By Nicole Banks Barrantes - International Relations degree student
After every human rights catastrophe, debates emerge discussing how States should protect their own citizens or, if not, international entities should work as “heroes”. Each inhumane act provokes critiques from outside actors who failed to protect or defend populations. It’s when International Public Law comes in, to justify itself as an effective tool to bring justice and liability where the citizen’s rights were not taken into account. As one of its obligations, international public law has to protect by requiring States to watch over individuals against human rights abuses.
Through the ratification of international human rights treaties, governments have the duty to put into place domestic measures consisted with their treaty obligations. It relates to laws and principles of general utilization regarding the conduct of nation states and international organizations among themselves, in addition to their relationship with juridical and natural people. It helps regulate human rights with the international human rights law, by laying down obligations which States are bound to respect. These obligations to protect demand States to keep safe individuals against human rights abuses. States must take positive action to grant the fulfilment of basic human rights. In reality, international public law hasn’t been as effective as it should be, or as it was thought of when created.
While the extensive majority of countries have ratified nearly all the major human rights treaties, rights violations remain common. The criminal justice system has proven to work poorly; it can happen because international public law has to undergo certain processes before intervening with a country. International public law can face different limitations concerning the role of power in global public health, financing international legal regimes, weaknesses of governments, the consent-based nature of international law, disturbing national sovereignty, long processes in the International Court of Justice.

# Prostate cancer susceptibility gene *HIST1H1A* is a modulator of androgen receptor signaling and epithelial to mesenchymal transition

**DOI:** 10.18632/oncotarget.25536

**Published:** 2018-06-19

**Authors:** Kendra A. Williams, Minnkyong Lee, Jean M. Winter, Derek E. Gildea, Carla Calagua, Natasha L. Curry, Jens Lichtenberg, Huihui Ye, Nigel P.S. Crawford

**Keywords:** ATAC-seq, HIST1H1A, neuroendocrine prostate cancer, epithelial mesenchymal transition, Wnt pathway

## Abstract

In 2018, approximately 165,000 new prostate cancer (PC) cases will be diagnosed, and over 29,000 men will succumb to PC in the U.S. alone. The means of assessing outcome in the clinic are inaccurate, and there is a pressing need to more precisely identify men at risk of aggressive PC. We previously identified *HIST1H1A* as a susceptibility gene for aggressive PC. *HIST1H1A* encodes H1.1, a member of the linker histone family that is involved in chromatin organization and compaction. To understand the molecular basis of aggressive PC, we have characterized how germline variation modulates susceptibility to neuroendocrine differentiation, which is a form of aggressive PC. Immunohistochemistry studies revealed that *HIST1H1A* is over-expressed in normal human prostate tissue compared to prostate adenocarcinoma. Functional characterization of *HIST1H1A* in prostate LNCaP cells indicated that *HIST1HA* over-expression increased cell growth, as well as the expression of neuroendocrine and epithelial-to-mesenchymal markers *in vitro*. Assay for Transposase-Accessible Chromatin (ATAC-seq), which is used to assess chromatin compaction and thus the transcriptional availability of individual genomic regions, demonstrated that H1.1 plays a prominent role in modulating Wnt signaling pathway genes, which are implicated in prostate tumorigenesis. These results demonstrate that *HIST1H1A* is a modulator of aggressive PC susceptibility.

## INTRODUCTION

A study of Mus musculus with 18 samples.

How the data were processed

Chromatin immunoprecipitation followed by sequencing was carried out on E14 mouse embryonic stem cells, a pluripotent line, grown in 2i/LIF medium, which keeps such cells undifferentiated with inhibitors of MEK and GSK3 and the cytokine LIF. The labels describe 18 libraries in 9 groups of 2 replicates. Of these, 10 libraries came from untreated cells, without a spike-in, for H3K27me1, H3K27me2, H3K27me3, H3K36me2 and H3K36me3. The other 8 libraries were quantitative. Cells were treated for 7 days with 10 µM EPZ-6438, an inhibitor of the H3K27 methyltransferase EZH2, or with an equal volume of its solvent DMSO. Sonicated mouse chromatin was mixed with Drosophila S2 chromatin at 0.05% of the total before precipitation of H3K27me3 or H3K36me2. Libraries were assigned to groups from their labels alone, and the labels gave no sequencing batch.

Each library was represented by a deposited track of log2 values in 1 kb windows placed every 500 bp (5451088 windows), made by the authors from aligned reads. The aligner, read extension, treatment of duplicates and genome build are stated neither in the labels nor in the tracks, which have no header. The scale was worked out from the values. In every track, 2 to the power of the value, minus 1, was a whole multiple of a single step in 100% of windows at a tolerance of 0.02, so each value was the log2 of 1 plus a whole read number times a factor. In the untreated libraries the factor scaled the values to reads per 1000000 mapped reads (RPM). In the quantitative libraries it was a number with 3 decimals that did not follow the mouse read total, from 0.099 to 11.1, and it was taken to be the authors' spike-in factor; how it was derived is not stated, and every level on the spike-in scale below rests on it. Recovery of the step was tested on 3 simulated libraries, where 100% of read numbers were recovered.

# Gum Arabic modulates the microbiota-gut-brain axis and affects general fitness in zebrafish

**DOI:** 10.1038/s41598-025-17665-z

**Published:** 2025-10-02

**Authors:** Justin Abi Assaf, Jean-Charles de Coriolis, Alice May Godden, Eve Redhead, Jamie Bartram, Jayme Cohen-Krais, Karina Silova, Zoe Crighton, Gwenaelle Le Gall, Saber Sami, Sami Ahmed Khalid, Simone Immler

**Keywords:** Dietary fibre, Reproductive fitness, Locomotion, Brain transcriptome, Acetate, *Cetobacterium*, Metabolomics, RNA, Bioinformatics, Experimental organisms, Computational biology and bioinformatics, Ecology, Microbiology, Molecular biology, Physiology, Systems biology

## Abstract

Some believe that international public law does reduce the effectiveness of national sovereignty where nations are subject to laws which did not originate with the relevant sovereign power. Even if one specific government were actively involving in framing the relevant law, many would still interpret that, somehow, that such law is being imposed on the sovereign nation by foreign powers. This perspective has affected the effectiveness of the international public law process. Even if it claims to reach directly into domestic legal systems, treaties apply to situations and places that were not expected when they were first agreed.
Though it works as a body of law, responsible of regulating the interaction among states and many non-governmental actors, is the population expecting too much from this legal system? International public law can only move forward when there is a political consensus; in the absence of political disposition, it is impossible to subject new areas to international public law or to increase its works. Even though it applies during situations of emergency and conflict, and it sets out the basic protections that all individuals are entitled to, its compromising approach enlightens an utopian spirit.